Media mogul Byron Allen is taking another run at BET Media Group in a $3.5 billion bid sent to Paramount Global for BET and VH1. The offer followed a report that Paramount is in talks to sell BET to a management-led investor group.


via: Variety


On Tuesday, Allen, who is founder and CEO of Allen Media Group, emailed Paramount Global senior executives and board, offering $3.5 billion for BET Media Group, which includes the BET cable channel, VH1, BET Studios and streaming service BET+, sources familiar with the situation confirmed to Variety. That’s up from $2.7 billion that Allen had offered earlier in 2023.


Reps for Paramount Global and Allen Media Group declined to comment. Bloomberg first reported on Allen’s renewed offer for BET. Other potential buyers of BET Media Group include BET CEO Scott Mills, a 26-year veteran of the company, and Chinh Chu, a former executive at private-equity firm Blackstone executive who runs CC Capital Partners, who have discussed a price tag of under $2 billion, Bloomberg reported.


In the email to Paramount brass, Allen wrote, “You are pursuing an inside sale at a below-market price with management that will not yield the highest price for the stockholders. We believe it would be an egregious breach of fiduciary duty by the Paramount Global management team and board of directors if BET is sold for anything less than the highest price, particularly, in order to provide a sweetheart deal to an insider at the expense of public shareholders.”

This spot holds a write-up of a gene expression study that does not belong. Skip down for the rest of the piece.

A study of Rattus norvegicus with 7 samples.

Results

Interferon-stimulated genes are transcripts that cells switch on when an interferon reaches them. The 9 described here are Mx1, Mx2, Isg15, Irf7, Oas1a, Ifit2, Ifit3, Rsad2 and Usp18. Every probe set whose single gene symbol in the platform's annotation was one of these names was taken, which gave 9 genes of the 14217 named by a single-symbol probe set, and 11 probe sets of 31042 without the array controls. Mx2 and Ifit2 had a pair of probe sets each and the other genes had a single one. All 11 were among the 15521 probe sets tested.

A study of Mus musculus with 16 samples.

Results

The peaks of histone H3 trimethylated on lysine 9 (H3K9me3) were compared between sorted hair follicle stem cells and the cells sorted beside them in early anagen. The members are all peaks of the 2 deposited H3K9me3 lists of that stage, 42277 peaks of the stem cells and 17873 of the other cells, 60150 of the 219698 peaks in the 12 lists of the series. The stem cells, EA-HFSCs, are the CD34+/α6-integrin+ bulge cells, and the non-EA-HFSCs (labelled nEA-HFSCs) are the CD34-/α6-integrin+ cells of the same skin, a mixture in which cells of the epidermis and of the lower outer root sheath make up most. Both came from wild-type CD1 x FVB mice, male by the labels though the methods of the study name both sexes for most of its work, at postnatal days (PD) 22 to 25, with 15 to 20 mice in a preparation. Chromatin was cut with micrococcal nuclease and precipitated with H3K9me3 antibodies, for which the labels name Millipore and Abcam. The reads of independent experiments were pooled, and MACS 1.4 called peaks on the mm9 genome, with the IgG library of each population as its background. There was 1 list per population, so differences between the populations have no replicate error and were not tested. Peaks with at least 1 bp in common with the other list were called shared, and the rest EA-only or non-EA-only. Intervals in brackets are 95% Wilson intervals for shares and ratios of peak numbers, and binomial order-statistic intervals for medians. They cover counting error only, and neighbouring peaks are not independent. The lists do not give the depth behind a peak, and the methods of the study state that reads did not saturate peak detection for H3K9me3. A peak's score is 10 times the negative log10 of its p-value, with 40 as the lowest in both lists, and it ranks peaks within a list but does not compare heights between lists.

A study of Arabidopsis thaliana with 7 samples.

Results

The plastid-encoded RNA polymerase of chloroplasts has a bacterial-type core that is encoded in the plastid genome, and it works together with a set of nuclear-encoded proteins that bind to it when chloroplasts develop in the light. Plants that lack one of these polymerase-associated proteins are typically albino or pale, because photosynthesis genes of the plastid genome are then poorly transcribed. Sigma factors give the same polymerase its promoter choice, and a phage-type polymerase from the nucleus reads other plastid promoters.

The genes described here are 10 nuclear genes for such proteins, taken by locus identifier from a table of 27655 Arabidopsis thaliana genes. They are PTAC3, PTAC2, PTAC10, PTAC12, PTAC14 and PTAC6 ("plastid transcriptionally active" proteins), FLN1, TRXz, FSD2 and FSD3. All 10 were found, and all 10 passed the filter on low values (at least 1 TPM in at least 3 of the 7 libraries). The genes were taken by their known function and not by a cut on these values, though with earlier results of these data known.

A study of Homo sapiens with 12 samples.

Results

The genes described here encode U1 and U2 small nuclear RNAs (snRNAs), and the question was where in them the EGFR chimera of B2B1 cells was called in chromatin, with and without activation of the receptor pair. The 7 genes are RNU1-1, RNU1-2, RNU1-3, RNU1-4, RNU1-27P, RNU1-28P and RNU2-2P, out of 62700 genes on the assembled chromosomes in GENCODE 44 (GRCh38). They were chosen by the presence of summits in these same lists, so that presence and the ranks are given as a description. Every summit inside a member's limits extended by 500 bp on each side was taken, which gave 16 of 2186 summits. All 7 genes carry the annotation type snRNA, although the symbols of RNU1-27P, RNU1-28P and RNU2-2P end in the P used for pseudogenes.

Earlier this year, Paramount Global had been exploring the sale of a majority stake in BET Media Group, with bidders said to include Allen, Tyler Perry and Sean “Diddy” Combs. In August, Paramount called off the bidding process for BET because “a sale wouldn’t result in any meaningful deleveraging of its balance sheet,” the Wall Street Journal reported.


The renewed interest in a deal for BET comes amid talks between Warner Bros. Discovery and Paramount Global about a potential merger. Meanwhile, Shari Redstone, whose National Amusements owns a controlling stake in Paramount Global, has been in talks to sell her shares in NAI, according to multiple reports.


A deal for BET Media Group would dramatically expand Allen’s media empire. Allen Media Group, which encompasses Entertainment Studios (founded 30 years ago as CF Entertainment), owns 12 cable networks, including the Weather Channel, JusticeCentral.TV, Cars.TV and Pets.TV, a theatrical movie distribution company and a stable of 28 broadcast stations affiliated with the Big Four broadcast networks (ABC, CBS, Fox and NBC). Allen Media Group also produces, distributes, and sells advertising for 73 television shows, making it one of the largest independent producers/distributors of first-run syndicated TV programming for broadcast stations. The company has nearly 2,300 employees.


In September, Allen publicly announced a $10 billion offer for ABC, eight local TV stations as well as FX and National Geographic Channel, which are also Disney-owned properties. Disney CEO Bob Iger has since said the company’s linear networks are “not for sale.”


Founded by Robert L. Johnson in 1980, BET has been a major outlet for programming aimed at Black audiences since its inception. Johnson sold the cable channel to Viacom in 2001 for $3 billion.